If you've never had the chance to see "Otello" the new production at Winter Opera is a lovely opportunity for you to fill that gap in your theatrical experience.
Winter Opera St. Louis, after a brilliant production of "Le Nozze di Figaro", continues its eighth season with a venture into less familiar fare — Pietro Mascagni's "L'amico Fritz".
"No man is an island," says John Donne. Perhaps not, and yet it seems that in modern America, despite our vast electronic interconnections, more and more of us feel that we are on an island -- marooned like Ben Gunn -- scrambling to survive and desperate for human contact.
I was looking forward to our visit to the new Boo Cat Club about which we've recently been showered with printer's ink. It's the renovated old Artists' Guild building on Union -- just across from the Union Avenue Opera -- and it's the venue for a production of "Stairs to the Roof" by Tennessee Williams.
It was an adoring crowd that filled the Gaslight Theatre—a surprisingly large crowd for a singer who has no history in cabaret.
The Over Due Theatre Company is a small impecunious group. With a budget of about two cents and a shoestring they continue to impress me—especially with their musicals.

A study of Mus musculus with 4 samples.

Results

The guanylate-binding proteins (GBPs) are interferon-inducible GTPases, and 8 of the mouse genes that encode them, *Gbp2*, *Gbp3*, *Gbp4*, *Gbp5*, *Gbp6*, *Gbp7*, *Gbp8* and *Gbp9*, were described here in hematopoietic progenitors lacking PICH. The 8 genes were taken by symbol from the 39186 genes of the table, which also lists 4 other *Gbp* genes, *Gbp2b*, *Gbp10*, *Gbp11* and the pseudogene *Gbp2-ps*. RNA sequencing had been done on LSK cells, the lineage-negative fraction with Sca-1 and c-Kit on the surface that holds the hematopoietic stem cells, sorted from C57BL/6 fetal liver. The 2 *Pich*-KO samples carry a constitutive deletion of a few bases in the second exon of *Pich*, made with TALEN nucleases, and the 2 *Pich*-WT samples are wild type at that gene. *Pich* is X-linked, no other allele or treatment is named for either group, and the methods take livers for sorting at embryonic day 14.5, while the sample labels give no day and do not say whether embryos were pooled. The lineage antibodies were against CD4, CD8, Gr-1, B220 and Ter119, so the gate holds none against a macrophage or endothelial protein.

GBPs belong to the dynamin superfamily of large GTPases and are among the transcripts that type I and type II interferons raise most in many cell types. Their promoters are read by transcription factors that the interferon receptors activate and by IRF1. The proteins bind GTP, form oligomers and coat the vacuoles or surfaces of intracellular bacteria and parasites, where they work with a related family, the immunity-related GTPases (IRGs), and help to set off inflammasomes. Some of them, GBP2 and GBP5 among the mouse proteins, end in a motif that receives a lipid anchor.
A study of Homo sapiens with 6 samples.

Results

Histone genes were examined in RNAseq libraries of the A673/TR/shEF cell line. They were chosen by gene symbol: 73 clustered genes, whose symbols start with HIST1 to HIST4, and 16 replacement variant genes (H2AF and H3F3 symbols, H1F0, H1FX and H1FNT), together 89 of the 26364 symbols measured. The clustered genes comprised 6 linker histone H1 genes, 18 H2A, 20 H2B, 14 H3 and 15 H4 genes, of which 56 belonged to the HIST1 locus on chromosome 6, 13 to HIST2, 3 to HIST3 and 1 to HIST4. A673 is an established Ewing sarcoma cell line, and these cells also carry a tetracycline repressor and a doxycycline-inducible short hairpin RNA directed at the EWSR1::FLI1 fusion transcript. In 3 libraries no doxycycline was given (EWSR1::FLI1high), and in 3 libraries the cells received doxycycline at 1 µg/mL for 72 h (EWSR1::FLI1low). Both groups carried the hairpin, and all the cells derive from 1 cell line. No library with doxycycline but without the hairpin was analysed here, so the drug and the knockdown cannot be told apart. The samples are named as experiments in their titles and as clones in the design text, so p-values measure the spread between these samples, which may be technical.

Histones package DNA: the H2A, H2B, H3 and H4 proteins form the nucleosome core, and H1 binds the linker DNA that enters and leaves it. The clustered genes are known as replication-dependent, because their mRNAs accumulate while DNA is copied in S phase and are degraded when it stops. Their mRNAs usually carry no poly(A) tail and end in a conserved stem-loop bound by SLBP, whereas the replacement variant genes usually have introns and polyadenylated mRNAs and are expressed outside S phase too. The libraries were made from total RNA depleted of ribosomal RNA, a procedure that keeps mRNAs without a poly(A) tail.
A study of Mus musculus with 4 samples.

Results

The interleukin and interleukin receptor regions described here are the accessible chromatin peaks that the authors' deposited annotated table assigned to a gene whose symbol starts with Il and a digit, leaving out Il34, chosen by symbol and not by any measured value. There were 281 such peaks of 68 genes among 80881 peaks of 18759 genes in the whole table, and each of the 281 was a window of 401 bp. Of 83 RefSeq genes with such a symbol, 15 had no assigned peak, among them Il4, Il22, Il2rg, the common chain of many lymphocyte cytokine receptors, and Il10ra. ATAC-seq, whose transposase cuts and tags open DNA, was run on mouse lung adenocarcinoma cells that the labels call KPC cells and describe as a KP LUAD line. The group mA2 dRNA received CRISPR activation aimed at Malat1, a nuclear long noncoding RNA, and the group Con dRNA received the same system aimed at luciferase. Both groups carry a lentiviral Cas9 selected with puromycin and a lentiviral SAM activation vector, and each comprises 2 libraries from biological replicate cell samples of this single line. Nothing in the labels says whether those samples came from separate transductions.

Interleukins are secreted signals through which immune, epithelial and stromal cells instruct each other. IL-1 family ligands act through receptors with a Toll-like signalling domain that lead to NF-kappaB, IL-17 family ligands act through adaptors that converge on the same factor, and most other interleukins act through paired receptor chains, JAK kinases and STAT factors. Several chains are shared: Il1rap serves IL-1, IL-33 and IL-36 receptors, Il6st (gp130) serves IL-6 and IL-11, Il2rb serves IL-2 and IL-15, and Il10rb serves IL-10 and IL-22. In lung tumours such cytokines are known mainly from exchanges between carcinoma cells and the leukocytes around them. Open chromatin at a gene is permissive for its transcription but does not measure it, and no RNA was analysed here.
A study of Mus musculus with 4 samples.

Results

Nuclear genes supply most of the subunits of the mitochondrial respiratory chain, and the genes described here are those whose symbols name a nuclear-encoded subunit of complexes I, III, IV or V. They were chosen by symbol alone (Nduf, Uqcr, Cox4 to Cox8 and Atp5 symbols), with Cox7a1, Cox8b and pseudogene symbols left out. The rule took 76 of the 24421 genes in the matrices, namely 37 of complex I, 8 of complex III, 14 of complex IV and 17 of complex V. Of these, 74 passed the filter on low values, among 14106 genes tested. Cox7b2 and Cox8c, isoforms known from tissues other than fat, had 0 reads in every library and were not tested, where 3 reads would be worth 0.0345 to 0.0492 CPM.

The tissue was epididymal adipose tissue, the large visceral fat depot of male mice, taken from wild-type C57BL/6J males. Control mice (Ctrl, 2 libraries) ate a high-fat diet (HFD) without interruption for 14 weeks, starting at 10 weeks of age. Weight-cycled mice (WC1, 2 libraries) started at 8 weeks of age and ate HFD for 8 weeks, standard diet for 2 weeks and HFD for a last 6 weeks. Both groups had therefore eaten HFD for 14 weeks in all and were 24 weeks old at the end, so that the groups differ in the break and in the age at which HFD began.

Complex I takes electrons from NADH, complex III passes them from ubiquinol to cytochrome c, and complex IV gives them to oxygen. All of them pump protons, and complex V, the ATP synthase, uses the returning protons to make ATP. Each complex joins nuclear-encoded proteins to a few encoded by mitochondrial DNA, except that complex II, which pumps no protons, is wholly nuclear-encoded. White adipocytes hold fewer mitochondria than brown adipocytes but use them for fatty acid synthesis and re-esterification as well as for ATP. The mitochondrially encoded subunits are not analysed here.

My favorite company in town, Phillip Boehm's Upstream Theatre, has opened a classic: Sophocles' "Antigone."
If March comes in like a lion it goes out like a lamb—or so they say. On the stage at St. Louis University March is surely roaring in; we're in the middle of a Kansas blizzard that's burying the roads in feet of snow. The last bus from Kansas City, on its way to Topeka, just manages to make it to Grace's Diner only thirty miles into Kansas. It can go no farther until the storm abates and the roads are cleared. So the travelers are stranded here for the night.
I just had a very exciting couple of days attending the staged readings of this year's Hotchner winners: "Ekphasia, or The Shadow Girl," by Cary Simowitz; "Kairos," by Kristen Oneal; and "Telegraph," by Will Jacob. The experience gave me great hope for the future of the American theatre.
The Mustard Seed Theatre opens its season with a world premiere of a new work by Jennifer Blackmer. It's called, simply, "Human Terrain," (not to be confused with the 2010 documentary film of the same name) and it's beautifully comfortable at Mustard Seed, which has a charter of examining moral questions. There is a tension between these softest of sciences and the hard facts of military force. Can they ever work together toward a common goal? And who decides the goal?